Maybe "Under The Bus" is the ironic name of some secret, luxurious social club none of us know about, and that's what Mitt Romney et al keep referring to when they say the Obama administration "threw" Israel there. Because this "under the bus" seems like a very cozy place to be.
After Palestinian Authority President Mahmoud Abbas announced last week that he was seeking a scaled-back bid to upgrade Palestine's status at the U.N., the U.S. launched a diplomatic counter-offensive:
The United States has warned European governments against supporting a Palestinian bid for enhanced status at the United Nations, saying such a move "would be extremely counterproductive" and threatening "significant negative consequences" for the Palestinian Authority, including financial sanctions.
A U.S. memorandum, seen by the Guardian, said Palestinian statehood "can only be achieved via direct negotiations with the Israelis" and urged European governments "to support [American] efforts" to block the bid. The message was communicated by officials to representatives of European governments at the U.N. general assembly (UNGA) in New York last week.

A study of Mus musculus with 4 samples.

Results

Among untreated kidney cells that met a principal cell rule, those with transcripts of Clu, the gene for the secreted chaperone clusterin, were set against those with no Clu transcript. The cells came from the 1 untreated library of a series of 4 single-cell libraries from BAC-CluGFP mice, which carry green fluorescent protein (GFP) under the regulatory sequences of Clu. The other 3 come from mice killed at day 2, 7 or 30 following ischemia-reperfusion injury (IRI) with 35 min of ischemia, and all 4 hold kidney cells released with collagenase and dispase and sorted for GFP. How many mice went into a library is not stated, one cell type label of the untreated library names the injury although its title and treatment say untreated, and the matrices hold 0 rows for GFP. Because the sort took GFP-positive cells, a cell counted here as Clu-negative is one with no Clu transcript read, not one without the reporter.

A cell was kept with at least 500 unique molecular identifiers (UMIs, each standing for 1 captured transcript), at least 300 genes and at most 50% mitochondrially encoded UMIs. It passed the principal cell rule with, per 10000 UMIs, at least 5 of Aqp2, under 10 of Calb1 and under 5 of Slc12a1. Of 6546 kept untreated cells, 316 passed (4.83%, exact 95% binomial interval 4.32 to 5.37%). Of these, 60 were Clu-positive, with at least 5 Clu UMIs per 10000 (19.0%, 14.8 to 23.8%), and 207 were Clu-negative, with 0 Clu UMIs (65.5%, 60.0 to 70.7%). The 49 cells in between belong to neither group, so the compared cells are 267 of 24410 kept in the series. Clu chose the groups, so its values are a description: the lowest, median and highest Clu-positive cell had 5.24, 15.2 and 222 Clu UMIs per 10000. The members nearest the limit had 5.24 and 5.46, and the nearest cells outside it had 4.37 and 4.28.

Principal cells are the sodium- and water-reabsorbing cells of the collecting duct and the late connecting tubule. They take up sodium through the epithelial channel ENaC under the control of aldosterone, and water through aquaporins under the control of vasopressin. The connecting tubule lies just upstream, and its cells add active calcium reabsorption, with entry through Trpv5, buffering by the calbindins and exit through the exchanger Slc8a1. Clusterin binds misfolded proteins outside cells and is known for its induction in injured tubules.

This is the most powerful country in the world spending political capital to block Palestine from achieving status as a "non-member observer" at the U.N. (something akin to the Vatican) because Israel doesn't want it. Diplomatic cover is a key component—perhaps the most important one—of U.S. support for Israel (along with robust aid and security cooperation, which are both at unprecedented levels under the Obama administration).
And for what is the U.S. doing this? Because Israel fears that "non-member observer" status will give Palestinians access to the International Criminal Court (ICC), where they could press cases against Israel. Of course, ICC access, subject to the normal restraints, would also be a feature of a Palestinian state created by direct negotiations with Israel, which, contra the U.S. memo, is not only not the sole way for Palestinians to get statehood but a de facto endorsement of the deteriorating status quo.
Immunity from the reach of international law? Tons of dough and other security help? Perhaps the most robust diplomatic cover in international fora ever afforded one country by another? "Under the bus" never sounded so good.